I was reading Dare Obasanjo’s blog this morning waiting for an MSPAC speaker and hit the top of my “I feel so bad” meter: W3C Publishes XMLHttpRequest Object specification

First of all, I don’t like the W3C anymore. When the web was wild and Netscape was creating the BLINK tag and Microsoft was creating the MARQUEE tag, we needed a little bit of head knocking to get things cooled down and standardized. When XSLT was morphing and needed to be guided to help solve our dynamic view + data rendering, W3C was a great place to proactively brainstorm.

Their job is done.

As they continue to keep themselves busy, you get awful stuff like XSD – the very worse you can get from a design-by-committee specification that is so inelegant I regret everytime I have to crack a book to track down some obscure aspect of a naughty schema.

Now, they go and pull together a specification of the XMLHttpRequest object, something that’s the fundamental fun driving the AJAX / Web 2.0 world of re-enthusiasm about the web and dynamic solutions, and give zip zero zilch nods towards the original creators of the object.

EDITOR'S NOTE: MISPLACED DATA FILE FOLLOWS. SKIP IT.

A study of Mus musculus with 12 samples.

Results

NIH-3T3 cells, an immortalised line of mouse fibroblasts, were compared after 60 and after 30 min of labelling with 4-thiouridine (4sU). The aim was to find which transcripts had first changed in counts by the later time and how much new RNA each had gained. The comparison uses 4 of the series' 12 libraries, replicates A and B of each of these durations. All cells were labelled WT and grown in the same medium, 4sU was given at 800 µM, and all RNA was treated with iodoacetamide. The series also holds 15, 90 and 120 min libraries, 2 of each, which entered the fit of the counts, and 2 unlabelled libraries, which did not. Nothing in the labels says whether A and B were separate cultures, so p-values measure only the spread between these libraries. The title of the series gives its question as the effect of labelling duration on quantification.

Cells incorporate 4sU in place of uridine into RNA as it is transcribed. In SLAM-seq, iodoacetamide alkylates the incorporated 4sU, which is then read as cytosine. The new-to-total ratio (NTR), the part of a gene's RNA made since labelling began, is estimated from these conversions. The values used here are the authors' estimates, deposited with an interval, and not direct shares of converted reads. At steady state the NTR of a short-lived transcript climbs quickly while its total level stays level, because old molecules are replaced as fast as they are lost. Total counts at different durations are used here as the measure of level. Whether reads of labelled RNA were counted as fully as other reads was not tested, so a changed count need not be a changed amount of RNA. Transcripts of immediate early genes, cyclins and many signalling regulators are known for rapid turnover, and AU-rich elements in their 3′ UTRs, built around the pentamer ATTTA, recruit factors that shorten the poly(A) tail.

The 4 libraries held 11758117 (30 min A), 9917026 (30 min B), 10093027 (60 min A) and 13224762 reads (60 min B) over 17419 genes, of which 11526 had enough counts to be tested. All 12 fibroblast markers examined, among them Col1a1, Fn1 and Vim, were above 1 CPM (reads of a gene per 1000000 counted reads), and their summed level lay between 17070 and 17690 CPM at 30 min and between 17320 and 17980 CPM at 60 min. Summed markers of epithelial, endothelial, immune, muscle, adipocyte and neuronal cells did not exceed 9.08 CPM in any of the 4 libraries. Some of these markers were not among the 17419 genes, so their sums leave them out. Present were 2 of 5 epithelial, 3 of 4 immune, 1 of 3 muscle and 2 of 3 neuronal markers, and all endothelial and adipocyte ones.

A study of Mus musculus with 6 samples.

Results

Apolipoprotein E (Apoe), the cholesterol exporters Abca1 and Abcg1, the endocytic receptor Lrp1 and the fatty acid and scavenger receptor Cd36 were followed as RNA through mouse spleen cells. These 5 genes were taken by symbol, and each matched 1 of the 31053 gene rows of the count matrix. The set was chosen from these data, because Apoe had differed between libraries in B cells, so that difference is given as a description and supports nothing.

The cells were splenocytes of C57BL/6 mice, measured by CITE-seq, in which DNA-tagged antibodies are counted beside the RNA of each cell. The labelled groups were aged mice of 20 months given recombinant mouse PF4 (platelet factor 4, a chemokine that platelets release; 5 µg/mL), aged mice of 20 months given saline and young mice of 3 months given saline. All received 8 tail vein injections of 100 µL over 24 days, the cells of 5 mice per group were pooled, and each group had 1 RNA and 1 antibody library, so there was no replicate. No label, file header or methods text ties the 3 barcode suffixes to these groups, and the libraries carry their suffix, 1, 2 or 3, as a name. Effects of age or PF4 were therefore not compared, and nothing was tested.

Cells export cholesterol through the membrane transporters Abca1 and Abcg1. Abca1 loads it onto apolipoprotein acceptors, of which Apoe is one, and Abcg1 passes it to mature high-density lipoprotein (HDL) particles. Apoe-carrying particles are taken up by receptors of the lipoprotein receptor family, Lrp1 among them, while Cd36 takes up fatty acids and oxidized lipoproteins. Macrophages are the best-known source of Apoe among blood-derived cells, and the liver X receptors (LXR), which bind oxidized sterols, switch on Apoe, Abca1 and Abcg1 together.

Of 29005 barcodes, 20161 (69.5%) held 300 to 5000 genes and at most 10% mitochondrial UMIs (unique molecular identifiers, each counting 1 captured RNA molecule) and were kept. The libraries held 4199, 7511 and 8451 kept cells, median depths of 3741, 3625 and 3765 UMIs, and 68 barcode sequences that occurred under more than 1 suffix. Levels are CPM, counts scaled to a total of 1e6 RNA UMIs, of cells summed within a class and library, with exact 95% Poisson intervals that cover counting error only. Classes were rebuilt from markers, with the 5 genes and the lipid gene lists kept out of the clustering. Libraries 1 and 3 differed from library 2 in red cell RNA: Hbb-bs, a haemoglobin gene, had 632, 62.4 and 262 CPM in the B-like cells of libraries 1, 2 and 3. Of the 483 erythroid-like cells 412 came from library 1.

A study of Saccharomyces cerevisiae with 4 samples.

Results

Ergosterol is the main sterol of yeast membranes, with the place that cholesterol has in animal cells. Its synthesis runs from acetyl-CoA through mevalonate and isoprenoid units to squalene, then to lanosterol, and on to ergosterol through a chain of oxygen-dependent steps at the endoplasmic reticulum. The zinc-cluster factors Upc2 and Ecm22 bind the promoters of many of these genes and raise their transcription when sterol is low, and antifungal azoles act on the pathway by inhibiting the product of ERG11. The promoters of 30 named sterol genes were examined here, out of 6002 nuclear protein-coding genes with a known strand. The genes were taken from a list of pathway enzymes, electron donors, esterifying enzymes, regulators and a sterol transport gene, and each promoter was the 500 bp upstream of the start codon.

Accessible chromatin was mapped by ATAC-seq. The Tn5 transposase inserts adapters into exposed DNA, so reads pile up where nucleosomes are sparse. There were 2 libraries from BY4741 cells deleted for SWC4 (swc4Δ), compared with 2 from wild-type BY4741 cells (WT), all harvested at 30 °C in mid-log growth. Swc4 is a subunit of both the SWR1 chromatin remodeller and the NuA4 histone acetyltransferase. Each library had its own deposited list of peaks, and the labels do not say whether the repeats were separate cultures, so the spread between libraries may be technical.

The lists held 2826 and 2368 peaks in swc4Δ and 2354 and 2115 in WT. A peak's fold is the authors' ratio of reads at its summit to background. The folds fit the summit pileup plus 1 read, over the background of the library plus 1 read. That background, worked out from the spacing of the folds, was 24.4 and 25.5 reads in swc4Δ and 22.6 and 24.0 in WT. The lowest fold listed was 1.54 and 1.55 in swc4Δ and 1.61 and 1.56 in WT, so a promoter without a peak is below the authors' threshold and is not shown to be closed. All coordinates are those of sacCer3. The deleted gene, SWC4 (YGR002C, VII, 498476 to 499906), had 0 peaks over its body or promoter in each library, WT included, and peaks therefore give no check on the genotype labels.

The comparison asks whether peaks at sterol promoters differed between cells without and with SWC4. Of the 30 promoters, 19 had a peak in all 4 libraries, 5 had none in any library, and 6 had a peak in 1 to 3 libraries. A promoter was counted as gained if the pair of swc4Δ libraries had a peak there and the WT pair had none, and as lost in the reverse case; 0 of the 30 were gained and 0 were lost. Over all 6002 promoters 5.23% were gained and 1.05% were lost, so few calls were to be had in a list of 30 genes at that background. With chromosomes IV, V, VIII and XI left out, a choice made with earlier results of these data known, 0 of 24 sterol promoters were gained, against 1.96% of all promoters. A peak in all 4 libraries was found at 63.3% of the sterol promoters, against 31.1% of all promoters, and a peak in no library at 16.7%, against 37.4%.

Way back when (when as in when my beard wasn’t as grey… or grey at all) I worked on the NetDocs project, specifically on the group implementing the inbox, calendar, and contact views and the technology underneath to great the XML list data and render them. All that XML was grabbed via an XMLHttpRequest object instantiated as a WebDAV command. NetDocs was AJAX on steroids. Asynchronous, crazy, COM-loving steroids.

I sat down with my boss to hear an architectural review by Alex Hoppman on how the original OWA worked and their usage of this little object Alex helped to design: XMLHttpRequest object. Nifty!

Niftyness sticks in the programming world. When something is done well, it is duly appreciated and put to use. That’s what we did. Big time.

So I don’t want to go all Dave Winer here and demand attribution everytime XMLHttpRequest is glorified. But a specification? One with historical tracking and that points to other references on the subject? Yes. I expect due attribution here, even grudingly added later.


So I’ll go back to the “live” spec occasionally, perhaps even pop a pissy post to their alias. I think the W3C is ready to be shuttered and archived off. This is just another brick in the wall.